By Michael Davis
The Stockbridge [GA] City Council last week voted to condemn several properties in its proposed redevelopment area. An appointed city panel minutes later decided to condemn several more.
This week, at least one state lawmaker is criticizing the city's move as "abuse" of eminent domain powers.
Through a press release, state Rep. Steve Davis, R-McDonough called the city's actions "disgraceful" and vowed to support pending legislation that would rein in government's ability to take private property. He said he would support a resolution by state Rep. Bill Hembree, R-Douglasville, to put a constitutional amendment on the November 2006 ballot that would limit government's ability to seize property to public purposes only, not for economic development.
"As I sat in the chambers and watched the mayor and city council pass all the condemnations unanimously, I wondered if they knew what they were doing," Davis said in the release.
Hembree feels the best way to ensure limits on government's seizure abilities was through a state constitutional amendment, which requires a referendum. A law enacted by the Legislature "can be challenged and a judge can throw it out," he said on Tuesday.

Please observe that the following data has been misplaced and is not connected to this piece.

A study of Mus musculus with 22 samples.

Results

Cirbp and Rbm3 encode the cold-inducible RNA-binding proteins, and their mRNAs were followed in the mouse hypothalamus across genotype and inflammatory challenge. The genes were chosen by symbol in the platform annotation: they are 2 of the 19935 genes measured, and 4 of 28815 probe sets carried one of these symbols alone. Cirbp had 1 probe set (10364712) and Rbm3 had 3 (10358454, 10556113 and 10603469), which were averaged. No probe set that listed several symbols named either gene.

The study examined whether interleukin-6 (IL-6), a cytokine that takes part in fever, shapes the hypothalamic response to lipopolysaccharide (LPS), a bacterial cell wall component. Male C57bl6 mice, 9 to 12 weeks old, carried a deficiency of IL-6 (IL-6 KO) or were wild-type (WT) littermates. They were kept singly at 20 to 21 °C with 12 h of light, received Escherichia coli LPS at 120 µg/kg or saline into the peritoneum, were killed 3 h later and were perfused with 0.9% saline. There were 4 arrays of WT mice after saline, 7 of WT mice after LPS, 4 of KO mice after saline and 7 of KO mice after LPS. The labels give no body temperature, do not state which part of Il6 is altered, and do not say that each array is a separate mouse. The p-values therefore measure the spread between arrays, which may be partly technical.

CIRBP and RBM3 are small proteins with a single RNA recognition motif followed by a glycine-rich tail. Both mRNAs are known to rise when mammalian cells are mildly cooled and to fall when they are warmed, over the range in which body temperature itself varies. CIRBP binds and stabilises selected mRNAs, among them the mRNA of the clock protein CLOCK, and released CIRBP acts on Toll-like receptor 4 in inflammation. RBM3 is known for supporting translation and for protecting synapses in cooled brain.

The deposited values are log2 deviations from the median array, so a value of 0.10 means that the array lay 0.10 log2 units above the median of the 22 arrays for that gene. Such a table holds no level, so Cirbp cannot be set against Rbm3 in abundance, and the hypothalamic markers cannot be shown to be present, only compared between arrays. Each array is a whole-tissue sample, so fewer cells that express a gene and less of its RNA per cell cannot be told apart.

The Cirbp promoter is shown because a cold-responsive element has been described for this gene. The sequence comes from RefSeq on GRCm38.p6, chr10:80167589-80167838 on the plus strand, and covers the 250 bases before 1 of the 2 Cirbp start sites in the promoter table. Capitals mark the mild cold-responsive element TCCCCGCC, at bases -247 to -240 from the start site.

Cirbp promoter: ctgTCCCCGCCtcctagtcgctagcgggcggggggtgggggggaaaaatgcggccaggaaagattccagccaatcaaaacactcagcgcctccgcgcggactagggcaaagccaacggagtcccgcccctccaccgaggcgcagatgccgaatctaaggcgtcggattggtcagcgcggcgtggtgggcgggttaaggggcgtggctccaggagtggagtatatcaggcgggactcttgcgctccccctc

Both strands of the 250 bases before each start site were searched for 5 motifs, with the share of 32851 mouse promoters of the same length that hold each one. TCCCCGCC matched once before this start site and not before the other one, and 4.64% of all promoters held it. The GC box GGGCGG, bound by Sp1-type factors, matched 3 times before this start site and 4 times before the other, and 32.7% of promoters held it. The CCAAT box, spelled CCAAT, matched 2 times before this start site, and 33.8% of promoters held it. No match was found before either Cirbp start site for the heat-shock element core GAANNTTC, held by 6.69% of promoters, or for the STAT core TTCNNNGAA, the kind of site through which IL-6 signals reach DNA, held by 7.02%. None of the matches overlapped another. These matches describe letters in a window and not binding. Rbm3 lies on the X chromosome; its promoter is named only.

The use of eminent domain, the authority granted the government to take property in exchange for compensation determined by a court, has come into question since the U.S. Supreme Court in June bolstered government's ability to use it for economic development.
Since then, local governments in some areas, including the county, have vowed they wouldn't condemn property and turn it over for private development. Henry commissioners, and the city of Hampton, both passed "hands-off" resolutions in July.
Stockbridge city leaders say the town center project will revitalize the city's ailing downtown business district, which sits in the shadows of a bridge over railroad tracks that once brought booming business to the town. City Manager Ted Strickland declined to comment Tuesday on Davis' statements, except to say "I don't want to get into a debate with him."
Last Thursday, the city council and the appointed Urban Redevelopment Agency voted to move forward with condemnation procedures against eight properties that lie in the 22-acre so-called Urban Redevelopment District. Officials said they were unable to come to an agreement with the property owners over a purchase price.
The condemnation mends together the final properties that complete the 18 lot site planned for a new city hall and parking deck and a public park. The Urban Redevelopment plan, which was changed Thursday to put more public buildings on land set for condemnation, also includes selling portions of the property to private developers to develop multi-story retail, office and residential buildings.
Officials hope the city's investment in defining a center of a town devoid of one will spark interest in the project and bolster the city's retail growth. Strickland has said the plan is needed to curb blight in the business district and ensure the economic health of the city.